Review: Rose Contemporary blasts off

Outer limits
By NICHOLAS SCHROEDER  |  July 6, 2011

art_spaceinvaders_main
INTO THE LOOKING GLASS “Wave,” oil on linen, by Alyssa Monks.

It's a sad thing to have an empty gallery in the center of Portland's Arts District. Whitney Art Works was a vital organ in Portland's arts community, and since it closed in January, the scene has missed it dearly. Now that the space has been enlivened by Virginia Rose, art history professor at Southern Maine Community College and board member of the Portland Public Art Committee, we look forward to Rose Contemporary filling that void.

Rose's inaugural show, "Space Invaders," collects an ambitious array of artists. Signature works by Portland's contemporaries — like Greta Bank's outrageous sculpture (which we'll get to shortly) and Randy Regier's re-imagined toy figurines — mingle with impressive works by New York artists from Rose's past curatorships. With 46 pieces by 21 artists, you might think of "Space Invaders" as a killer party that you won't want to miss. Though you might find some of the conversations a little busy or loud, you'll surely make some lasting acquaintances, learn some new perspectives, and just maybe, someone might take their clothes off.

At a party this big, better to tend to the big personalities first. New York artist Peter Drake's burnished acrylic paintings depict rich snapshots of 1950s American suburbia re-imagined through a latently violent and sexualized lens. In "Siege Machine," (acrylic on canvas, 30" x 35.75") a presumably betrothed man and woman stand beside a massive engine in the driveway of their suburban residence. Drake's method of applying multiple layers of acrylic paint gives his work the timeworn, sepia quality of old photographs, while smartly lending his subjects a fuzzy, as if misremembered, tone.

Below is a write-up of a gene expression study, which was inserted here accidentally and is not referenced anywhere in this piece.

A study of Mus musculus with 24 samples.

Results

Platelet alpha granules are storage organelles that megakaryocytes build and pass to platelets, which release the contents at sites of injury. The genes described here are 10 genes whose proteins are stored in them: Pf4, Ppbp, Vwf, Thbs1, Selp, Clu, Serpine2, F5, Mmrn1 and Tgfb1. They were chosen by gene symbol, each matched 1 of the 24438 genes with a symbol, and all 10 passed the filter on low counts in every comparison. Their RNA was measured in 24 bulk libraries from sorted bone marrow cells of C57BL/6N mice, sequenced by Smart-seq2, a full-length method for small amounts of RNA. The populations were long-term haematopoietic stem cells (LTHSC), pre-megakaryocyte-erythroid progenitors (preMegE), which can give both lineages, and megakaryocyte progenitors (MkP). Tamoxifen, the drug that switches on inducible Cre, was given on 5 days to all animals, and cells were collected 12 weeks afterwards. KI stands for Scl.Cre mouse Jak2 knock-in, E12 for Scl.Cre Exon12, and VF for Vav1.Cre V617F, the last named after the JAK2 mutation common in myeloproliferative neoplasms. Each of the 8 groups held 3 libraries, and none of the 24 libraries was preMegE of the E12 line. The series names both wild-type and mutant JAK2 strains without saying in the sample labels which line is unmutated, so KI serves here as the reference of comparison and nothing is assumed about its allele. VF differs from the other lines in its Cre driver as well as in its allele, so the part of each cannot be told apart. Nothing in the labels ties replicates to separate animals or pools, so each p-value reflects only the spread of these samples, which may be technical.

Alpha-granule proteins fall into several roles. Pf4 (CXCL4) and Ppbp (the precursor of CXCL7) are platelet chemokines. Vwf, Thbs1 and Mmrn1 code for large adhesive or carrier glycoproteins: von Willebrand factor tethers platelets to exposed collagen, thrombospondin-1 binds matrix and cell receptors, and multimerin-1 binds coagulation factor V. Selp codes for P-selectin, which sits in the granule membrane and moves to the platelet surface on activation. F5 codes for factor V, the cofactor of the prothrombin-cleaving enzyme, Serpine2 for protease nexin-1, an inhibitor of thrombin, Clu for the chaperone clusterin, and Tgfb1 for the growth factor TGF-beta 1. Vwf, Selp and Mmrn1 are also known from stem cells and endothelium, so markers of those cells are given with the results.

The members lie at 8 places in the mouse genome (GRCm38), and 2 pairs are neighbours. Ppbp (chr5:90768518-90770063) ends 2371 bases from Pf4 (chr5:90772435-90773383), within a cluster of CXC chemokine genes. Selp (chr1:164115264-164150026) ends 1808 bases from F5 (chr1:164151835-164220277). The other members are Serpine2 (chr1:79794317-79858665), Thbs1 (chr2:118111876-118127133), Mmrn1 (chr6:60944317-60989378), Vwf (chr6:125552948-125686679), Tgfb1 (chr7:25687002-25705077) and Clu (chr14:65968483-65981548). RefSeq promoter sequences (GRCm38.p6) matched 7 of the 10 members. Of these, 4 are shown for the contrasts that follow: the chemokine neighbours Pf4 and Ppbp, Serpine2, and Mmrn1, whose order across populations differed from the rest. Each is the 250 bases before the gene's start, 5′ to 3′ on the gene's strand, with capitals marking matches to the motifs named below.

Large works by other New Yorkers also stand out. Jean-Pierre Roy's fantastical paintings depict massive geopolitical monuments using the language of late-20th century pop sci-fi cinema. In his "Geometry For the Post-Divine," (oil on canvas, 40" x 30") a sort of enormous steam-powered coliseum invokes a dystopian view of the future application of human technologies. Meanwhile, "Brockenspectre" (oil on canvas, 38" x 38") calls upon other powers, depicting a herd of wild white horses climbing a resplendent natural tower. The piece is magnificent, with carefully rendered shafts of refracted sunlight suffusing the work with wonderful energy.

If the brushwork in the paintings by New York's Jennifer Presant were any coarser, her surrealistic images of bedroom interiors would lose their vitality. Any finer and they'd lose their ability to haunt. Located in the gallery's back room, Presant's oil works explore interiors and landscapes by using a unique conceptual trick of transparency, and are very successful studies on voyeurism and the privations of memory. They also help define the room's looking-glass theme, which comes into full view with Alyssa Monks's "Wave" (oil on linen, 32" x 44"), depicting a girl submerged in water or steam in intricate brushstrokes. The gallery's back room is a gift, its tight quarters lending it an intimacy and stillness in stark contrast to the busy main room and its open facade. Rose's curatorial choices put that contrast to great use; every party contains quiet, meaningful conversations that can only happen on the periphery, and the works in the back demand similar attention.